Case Name:
EDGEWATER GROWTH PARTNERS, LP V. H.I.G. CAPITAL, INC.
Case Conclusion:
Caption:
Delaware Court of Chancery, C.A. No. 3601-CS
Keywords:
Economic Damages, Foreclosure Sale, Sale Process
Industry:
ATM Servicing
Professionals:
David G. Clarke, ASA, William Jeffers, CFA, William P. McInerney, ASA

The plaintiff contested the foreclosure of an ATM servicing company, Pendum, Inc., in the Delaware Court of Chancery, claiming it was not commercially reasonable under the Uniform Commercial Code (UCC) as to the sale process and price, considering the plaintiff’s expert’s valuation and “real world” indications of value.

In its suit, the plaintiff claimed the debt purchaser and its affiliate violated Article 9 of the UCC by staging a sale that was not commercially reasonable in terms of process and price. The defendants argued the plaintiff sued to avoid paying on the $4 million guaranty.

To support its position that the foreclosure price bore no relation to the value of the company, the plaintiff retained a valuation expert who performed a discounted cash flow (DCF) analysis to establish the company’s enterprise value. He also used the guideline public company method and the mergers and acquisitions method to derive valuation multiples for Pendum. The plaintiff’s expert testified that on the date of sale, the company was worth $110 million, significantly more than sale price.

David G. Clarke, ASA, a Managing Principal of The Griffing Group, submitted a rebuttal report and testified at deposition and trial, opining that the report prepared by the plaintiff’s expert contained serious flaws and errors and could not be relied upon in determining the value of Pendum.

Mr. Clarke noted that the expert largely ignored Pendum’s high degree of financial distress. For example, as part of the guideline public company method, the expert used valuation multiples from profitable companies to value Pendum, which was not profitable. In addition, Mr. Clarke identified an error in the expert’s calculations that led to an overstatement (by double) of one of the expert’s valuation multiples. Further, the expert used guideline mergers and acquisitions that were not comparable to Pendum and were missing certain key financial data. Mr. Clarke also identified a number of unreasonable assumptions underlying the expert’s DCF analysis, which was premised upon outdated projections that predicted the company would undergo a dramatic turn-around after restructuring its debt.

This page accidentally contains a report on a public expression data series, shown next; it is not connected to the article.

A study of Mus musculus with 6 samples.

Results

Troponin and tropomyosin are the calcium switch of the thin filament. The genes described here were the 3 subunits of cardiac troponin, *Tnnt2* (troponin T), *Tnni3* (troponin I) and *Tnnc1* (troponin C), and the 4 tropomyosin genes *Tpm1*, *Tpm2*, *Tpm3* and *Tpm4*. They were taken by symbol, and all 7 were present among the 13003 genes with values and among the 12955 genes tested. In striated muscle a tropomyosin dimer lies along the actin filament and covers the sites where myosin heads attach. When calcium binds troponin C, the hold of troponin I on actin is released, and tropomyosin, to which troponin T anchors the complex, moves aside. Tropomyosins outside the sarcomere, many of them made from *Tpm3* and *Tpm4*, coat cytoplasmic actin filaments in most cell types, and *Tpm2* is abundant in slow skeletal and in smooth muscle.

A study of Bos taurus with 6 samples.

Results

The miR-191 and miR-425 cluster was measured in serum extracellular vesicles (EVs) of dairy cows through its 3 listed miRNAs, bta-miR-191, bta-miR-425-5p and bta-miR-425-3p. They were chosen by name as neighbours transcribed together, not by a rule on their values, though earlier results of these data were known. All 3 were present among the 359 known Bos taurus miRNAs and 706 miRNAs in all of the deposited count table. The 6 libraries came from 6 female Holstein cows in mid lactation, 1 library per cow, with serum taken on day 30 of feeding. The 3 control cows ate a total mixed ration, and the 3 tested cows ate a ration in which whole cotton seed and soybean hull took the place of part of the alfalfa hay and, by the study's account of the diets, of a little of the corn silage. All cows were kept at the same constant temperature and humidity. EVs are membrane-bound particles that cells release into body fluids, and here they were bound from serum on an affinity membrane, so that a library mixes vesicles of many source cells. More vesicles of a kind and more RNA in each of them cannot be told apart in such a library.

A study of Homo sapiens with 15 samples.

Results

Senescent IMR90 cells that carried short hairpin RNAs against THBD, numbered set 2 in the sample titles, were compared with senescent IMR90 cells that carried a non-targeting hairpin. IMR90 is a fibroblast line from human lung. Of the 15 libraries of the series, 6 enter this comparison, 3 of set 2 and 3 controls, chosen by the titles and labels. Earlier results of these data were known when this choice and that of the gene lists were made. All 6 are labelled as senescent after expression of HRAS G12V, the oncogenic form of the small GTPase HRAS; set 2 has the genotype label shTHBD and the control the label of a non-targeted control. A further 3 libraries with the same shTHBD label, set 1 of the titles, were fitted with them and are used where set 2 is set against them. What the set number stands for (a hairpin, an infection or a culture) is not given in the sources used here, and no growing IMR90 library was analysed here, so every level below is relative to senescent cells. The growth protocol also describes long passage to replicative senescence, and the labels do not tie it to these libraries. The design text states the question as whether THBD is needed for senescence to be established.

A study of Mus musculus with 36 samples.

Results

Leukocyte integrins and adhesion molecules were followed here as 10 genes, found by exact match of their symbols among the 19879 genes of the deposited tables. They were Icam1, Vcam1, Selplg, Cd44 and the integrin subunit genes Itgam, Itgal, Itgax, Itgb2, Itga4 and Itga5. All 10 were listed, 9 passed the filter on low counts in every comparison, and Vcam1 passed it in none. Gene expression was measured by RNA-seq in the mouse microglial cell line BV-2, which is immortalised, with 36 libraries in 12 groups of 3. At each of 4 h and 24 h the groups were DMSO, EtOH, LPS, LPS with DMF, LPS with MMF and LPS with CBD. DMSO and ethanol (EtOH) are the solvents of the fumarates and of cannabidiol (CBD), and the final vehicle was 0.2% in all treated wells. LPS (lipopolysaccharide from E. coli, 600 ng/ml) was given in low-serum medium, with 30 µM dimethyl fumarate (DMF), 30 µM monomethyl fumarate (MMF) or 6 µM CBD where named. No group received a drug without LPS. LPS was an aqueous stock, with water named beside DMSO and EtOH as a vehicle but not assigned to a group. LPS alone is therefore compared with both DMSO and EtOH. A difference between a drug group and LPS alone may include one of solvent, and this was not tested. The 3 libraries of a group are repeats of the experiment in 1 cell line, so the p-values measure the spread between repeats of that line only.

Citing Mr. Clarke’s criticisms of the plaintiff’s expert’s report, Chancellor Strine wrote that he “did not come away persuaded” of the $110 million value offered by the plaintiff’s expert, and that the company’s “poor performance and operational mess” showed in the lower value its assets received at the auction. Because the Court concluded the sale was commercially reasonable, the price the buyer paid for the assets was reasonable as well. Ruling for the defendants, the Court required the plaintiff to pay the $4 million it owed under its guaranty.

David G. Clarke, ASA was assisted by William Jeffers, CFA and William P. McInerney. The defendants were represented by Peter J. Walsh, Jeremy W. Ryan, Daniel A. Mason, and Ryan T. Costa of Potter Anderson & Corroon LLP.